Afghanistan Withdrawal Acceleration Resolution Defeated In The House
WASHINGTON -- The House overwhelmingly defeated on Thursday a nonbinding resolution to withdraw all U.S. troops from Afghanistan by the end of the year.
The vote, which failed by a margin of 93 to 321, followed a two-hour debate that involved a brief protest and a lengthy discussion of national security and budget cuts. But what surprised some observers is that the bill, authored by Rep. Dennis Kucinich (D-Ohio), made it to the House floor at all.
Kucinich's proposed resolution would have invoked the War Powers Resolution and directed President Barack Obama to remove troops from Afghanistan "by no later than the end of the period of 30 days beginning on the day on which this concurrent resolution is adopted," or by no later than Dec. 31 if that proved impossible.
"We are getting a lot of questions about how the Kucinich Resolution came to the House Floor," the press staff of House Majority Leader Eric Cantor (R-Va.) tweeted during the debate, pointing inquirers to the House Rules Committee website. Cantor spokeswoman Laena Fallon told The Huffington Post that her office wasn't getting angry responses, just general inquiries about parliamentary process.
One Democratic House staffer told The Huffington Post that Republicans could have stopped the resolution, at least temporarily, by filing a rule to block it. However, Kucinich could then have filed another resolution to be taken up in 15 days. Another Democratic staffer familiar with the matter said the GOP leadership never attempted to block the measure.
Eight Republicans supported the resolution, while 99 Democrats joined the opposition to it. Rep. Justin Amash (R-Mich.) voted "present," explaining in a Facebook post that he agreed with the goals of the Kucinich resolution but believed it used unconstitutional means.
Amash was the only freshman Republican who attended the vote but did not cast a ballot against the resolution. Eighteen House members spoke in favor of the Kucinich measure, and 14 spoke against it.
Supporters of the resolution often invoked a fiscal argument, saying that lawmakers concerned about cutting the federal deficit should look seriously at withdrawing troops. "Overall, government spending has increased 9 percent, 2008 through 2011, but Afghanistan war spending has increased 25 percent," Kucinich said. "You want to save $100 billion? Then vote for this resolution."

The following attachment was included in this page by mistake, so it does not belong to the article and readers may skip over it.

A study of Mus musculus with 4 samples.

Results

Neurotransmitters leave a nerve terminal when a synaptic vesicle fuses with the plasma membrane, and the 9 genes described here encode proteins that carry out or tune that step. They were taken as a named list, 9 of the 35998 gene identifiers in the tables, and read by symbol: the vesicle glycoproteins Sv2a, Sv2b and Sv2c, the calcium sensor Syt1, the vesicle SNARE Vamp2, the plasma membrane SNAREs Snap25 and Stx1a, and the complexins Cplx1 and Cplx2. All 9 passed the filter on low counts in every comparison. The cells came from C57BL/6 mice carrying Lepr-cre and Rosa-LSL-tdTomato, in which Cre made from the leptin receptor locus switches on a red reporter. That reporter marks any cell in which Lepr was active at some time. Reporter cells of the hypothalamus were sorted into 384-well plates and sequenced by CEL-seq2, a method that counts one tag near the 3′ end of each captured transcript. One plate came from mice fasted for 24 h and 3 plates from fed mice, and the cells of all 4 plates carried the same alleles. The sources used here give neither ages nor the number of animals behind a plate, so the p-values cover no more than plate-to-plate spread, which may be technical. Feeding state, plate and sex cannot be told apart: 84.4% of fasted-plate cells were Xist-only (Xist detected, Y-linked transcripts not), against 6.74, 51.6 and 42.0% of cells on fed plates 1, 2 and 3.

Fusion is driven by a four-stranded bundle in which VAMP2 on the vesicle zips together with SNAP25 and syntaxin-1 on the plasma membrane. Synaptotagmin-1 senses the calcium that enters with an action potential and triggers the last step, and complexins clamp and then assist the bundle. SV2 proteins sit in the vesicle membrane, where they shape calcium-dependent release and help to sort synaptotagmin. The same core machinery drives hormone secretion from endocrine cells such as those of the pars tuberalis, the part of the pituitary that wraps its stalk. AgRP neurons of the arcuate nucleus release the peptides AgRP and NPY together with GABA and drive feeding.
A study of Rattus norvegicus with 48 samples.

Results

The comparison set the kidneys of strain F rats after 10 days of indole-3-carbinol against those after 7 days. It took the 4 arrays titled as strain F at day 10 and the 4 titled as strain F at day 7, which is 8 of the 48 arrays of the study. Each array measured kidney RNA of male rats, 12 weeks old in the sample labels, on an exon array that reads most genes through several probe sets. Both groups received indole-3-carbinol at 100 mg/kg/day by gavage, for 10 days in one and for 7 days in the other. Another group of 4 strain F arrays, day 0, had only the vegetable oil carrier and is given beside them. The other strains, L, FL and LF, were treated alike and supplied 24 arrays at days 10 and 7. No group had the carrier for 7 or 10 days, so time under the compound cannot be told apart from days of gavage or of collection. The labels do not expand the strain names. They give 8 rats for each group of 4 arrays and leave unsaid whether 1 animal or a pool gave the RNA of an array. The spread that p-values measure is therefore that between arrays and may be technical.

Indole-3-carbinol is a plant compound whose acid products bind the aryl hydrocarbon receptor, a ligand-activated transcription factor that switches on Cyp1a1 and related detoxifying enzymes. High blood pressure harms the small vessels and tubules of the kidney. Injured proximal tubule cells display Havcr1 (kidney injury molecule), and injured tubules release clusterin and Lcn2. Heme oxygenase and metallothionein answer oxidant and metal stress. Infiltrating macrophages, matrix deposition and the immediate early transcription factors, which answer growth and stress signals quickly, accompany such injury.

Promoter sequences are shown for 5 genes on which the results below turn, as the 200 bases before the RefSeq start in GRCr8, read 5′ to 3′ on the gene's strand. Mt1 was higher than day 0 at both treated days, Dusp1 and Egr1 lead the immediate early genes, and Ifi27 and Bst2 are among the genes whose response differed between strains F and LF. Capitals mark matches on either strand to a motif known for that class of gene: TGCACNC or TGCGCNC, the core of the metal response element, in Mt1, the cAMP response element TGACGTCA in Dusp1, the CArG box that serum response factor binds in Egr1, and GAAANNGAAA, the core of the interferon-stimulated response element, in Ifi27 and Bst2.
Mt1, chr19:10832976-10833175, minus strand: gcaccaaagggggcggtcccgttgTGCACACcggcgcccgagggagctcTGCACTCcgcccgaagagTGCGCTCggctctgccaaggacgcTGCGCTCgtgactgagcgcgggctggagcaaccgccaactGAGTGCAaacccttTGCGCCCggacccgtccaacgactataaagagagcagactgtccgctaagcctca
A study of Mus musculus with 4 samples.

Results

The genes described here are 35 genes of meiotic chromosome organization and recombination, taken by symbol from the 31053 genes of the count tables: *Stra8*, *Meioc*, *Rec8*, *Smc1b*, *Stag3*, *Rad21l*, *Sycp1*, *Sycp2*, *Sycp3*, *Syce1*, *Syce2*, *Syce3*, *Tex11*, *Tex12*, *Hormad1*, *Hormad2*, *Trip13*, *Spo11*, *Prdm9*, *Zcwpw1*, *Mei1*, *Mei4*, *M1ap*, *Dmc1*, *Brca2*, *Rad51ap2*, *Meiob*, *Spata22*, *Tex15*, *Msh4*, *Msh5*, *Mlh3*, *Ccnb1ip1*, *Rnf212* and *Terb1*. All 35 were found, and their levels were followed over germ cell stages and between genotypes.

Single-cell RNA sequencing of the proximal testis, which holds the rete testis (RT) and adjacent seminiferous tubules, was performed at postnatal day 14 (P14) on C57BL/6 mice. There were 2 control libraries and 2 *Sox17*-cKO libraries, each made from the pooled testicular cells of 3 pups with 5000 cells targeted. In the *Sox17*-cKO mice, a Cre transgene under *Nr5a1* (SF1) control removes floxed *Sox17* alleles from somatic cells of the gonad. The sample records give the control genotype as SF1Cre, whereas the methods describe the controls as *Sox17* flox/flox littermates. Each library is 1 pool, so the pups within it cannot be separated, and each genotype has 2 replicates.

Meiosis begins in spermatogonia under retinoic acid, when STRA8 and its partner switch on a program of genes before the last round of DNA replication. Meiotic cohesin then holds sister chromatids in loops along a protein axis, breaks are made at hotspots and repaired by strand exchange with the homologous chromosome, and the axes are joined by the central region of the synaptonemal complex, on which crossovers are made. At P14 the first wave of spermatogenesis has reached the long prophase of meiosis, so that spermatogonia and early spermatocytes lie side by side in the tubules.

Others argued that U.S. national security resources were being ill-used in an unwinnable war, and Rep. Bob Filner (D-Calif.) praised the opportunity to have such a debate. "It's like the 600-pound elephant in the nation, this war has gone on and we never discuss about it," Filner said.
Gen. David Petraeus, who testified before the House and Senate armed services committees this week, was the most-quoted figure by opponents of the Kucinich resolution, who argued that progress is being made in Afghanistan and "cutting and running" would simply embolden the enemy -- akin to years' worth of arguments against redeployment from Iraq.
"I know we cannot afford to fund this war indefinitely, but some think that cutting and running immediately from Afghanistan is a solution," freshman Rep. Tim Griffin (R-Ark.) said. "That's simply not an option. This is a reckless resolution."
Several lawmakers also hit back against the fiscal argument, with Rep. Ted Poe (R-Texas) saying, "War is expensive, and it should not be measured in the cost of money, which has been the discussion today."
"I've heard before some of my colleagues who support an American retreat from Afghanistan describe this effort as a fiscal matter," added Rep. Steve Chabot (R-Ohio). "I'd respond to that argument by simply stating, it's not a question of whether we can afford to fund a military presence in Afghanistan -- it's a matter of whether we can afford not to, particularly at this point."
The debate, like the final vote, did not break down strictly along partisan lines. Republican Reps. Jason Chaffetz (Utah), Jimmy Duncan (Tenn.), Walter Jones (N.C.), Ron Paul (Texas) and Dana Rohrabacher (Calif.) all spoke in favor of the resolution, while Democratic Rep. Howard Berman (D-Calif.) spoke against it. The five Republicans were joined in the final vote by Reps. John Campbell (Calif.), Howard Coble (R-N.C.) and Tim Johnson (Ill.).
During Chaffetz's speech Thursday, a protester in the gallery reportedly shouted, "We are the global terrorist nation!"
A February poll by Gallup/USA Today found that 72 percent of Americans support Congress taking up the issue of an accelerated withdrawal from Afghanistan.